Foley poll-ution

Electoral Vote Predictor has the first poll in the Florida district once represented by Rep. Mark Foley.

RT Strategies did the poll. Now, you have to remember that Foley is still on the ballot. So in order to be able to vote for his Republican replacement, you actually have to pull the lever — or mark an X, or remove the chad, or send an Instant Message… whatever the heck they do down in the Fightin’ 16th — for Mark Foley.

RT Strategies tried to deal with this by running two polls, one a straight choice of Foley vs. Democrat Tim Mahoney and one in which they explained the situation. In the former, Mahoney led 50% to 43%. In the latter, Mahoney still led, but now only by 49% to 46%. We will put the latter one in the data base on the assumption that by November, most of the voters will know the scoop. Either way, this looks like a pickup for the Democrats.

Meanwhile, Zogby is out with polls in his battleground districts, according to a forwarded story to me by Mike Mulcahy today, from Reuters.

WASHINGTON (Reuters) – Democrats lead in races for 11 of 15 crucial Republican-held U.S. House seats a month before Nov. 7 elections, putting them within reach of seizing control of the chamber, according to Reuters/Zogby polls released Wednesday. Republican incumbents are at particularly high risk, the polls found, with seven of nine trailing their Democratic challengers in the high-stakes battle for control of the U.S. Congress.

I believe the Minnesota 6th was in this group but I haven’t found the breakout on that yet. No indication of it. Wetterling is one of the Dems trailing — but near or within the margin of error, Reuters says.

Worth noting, however, that the results for Rep. Chris Shays (R-CT.) were flipped from a UConn (I think it was UConn) poll taken over the same period. Poll buyer beware.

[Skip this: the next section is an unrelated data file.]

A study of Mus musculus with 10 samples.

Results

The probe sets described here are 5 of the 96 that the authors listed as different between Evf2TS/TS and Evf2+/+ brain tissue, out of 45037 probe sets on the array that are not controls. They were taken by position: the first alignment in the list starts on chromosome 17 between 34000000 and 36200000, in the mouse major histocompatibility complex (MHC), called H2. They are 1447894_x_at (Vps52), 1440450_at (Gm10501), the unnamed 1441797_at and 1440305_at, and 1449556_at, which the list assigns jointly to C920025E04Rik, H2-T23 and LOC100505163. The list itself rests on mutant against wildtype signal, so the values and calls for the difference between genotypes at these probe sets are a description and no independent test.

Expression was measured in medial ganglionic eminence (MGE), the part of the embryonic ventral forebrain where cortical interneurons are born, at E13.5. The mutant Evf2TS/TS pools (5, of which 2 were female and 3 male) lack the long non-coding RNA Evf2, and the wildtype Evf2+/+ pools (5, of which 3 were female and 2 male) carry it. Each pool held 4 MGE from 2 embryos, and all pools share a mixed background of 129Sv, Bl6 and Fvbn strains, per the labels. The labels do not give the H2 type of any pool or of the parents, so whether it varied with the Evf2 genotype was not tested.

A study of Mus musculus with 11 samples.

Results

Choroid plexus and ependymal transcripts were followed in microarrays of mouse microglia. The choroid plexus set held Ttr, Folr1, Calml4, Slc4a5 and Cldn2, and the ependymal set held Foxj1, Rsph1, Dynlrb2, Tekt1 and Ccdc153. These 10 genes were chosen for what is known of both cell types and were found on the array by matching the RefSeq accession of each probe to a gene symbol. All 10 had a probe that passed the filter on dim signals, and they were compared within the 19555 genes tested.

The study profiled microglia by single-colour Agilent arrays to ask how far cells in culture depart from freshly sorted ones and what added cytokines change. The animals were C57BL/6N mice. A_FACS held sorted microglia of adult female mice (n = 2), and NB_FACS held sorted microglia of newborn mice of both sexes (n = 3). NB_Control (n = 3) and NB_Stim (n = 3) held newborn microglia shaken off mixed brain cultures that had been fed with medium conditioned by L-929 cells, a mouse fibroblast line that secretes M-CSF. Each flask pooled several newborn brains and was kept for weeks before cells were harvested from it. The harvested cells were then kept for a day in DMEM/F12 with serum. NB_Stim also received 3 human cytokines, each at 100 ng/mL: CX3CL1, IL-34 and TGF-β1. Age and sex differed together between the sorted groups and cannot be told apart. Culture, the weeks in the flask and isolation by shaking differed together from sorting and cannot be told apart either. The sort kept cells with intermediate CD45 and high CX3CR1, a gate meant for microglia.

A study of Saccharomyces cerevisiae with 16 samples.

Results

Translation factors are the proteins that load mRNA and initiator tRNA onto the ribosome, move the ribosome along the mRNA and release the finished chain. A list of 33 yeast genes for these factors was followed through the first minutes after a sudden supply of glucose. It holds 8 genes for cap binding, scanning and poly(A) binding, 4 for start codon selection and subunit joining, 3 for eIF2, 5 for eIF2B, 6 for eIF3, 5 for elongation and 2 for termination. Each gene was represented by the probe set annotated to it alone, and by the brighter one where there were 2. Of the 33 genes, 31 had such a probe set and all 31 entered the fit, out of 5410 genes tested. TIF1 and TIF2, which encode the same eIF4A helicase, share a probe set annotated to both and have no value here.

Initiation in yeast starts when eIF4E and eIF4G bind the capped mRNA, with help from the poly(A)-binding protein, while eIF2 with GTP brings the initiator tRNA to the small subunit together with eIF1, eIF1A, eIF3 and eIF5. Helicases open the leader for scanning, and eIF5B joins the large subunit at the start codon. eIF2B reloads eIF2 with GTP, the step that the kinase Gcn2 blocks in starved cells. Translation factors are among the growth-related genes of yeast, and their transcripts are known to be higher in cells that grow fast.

Meanwhile, the Wall Street Journal and NBC are out with a poll today showing 41% think more favorable of Democrat House control as a result of the scandal, 18% think more favorably of Republicans (huh?) and 35% say the poll is having no effect.

Of course the question itself is one of the stupidest ones I’ve seen in polling in awhile since it really doesn’t tell you anything. The 41% who think more favorably of Democrat control, and 18% of those who feel more favorable about Republican control of Congress may already have been Democrat and Republican voters to begin with.

That didn’t stop the WSJ this morning (free content) from blaring that the fallout from the scandal “is obvious.”

Charlie Cook, on the other hand, expects a turning point in momentum not only because of the Foley scandal, but also because of the leaked intelligence report on Iraq.

Hey! Foley sure knocked that story to the back pages, eh?

Sorry Bob Woodward.

  • http://www.kennedyvmachine.com Gary M. Miller

    The story, it seems to me, is that Democrats need 15 seats to pick up the majority and they are at +11 right now (discounting any of the 2-4 potential GOP pickups). In other words, the headline could be what Reuters picked: “Democrats in reach of House control” OR it could be “Democrats still short of House control”. Considering 11 seats is way below the numbers the punditocracy has been predicting for about 3 months, that seems to be the noteworthy story here.

    I am not defending Zogby’s numbers. They’re still crap if history is any guide. I am ripping Reuter’s headline about Zogby’s results.

    Frankly, I think the Foley story could be the tipping point on another 6-8 races (but MN-6 won’t be one of them).

  • MR

    Gary,

    If the number of seats predicted to be gained is trending up, then I feel like the original headline is a legit headline because it implies that. If the number of seats predicted to be gained is holding steady or trending down, then your suggested headline is better.

  • http://www.kennedyvmachine.com Gary M. Miller

    MR,

    I don’t disagree.

    I was simply trying to make the point that “waves” don’t happen without more actual Democrats beating more actual Republicans in actual congressional districts. The Reuter’s story would indicate that is happening, but well below the levels we have been told to expect since mid-summer.

    Wave-like numbers may yet materialize, but these aren’t them.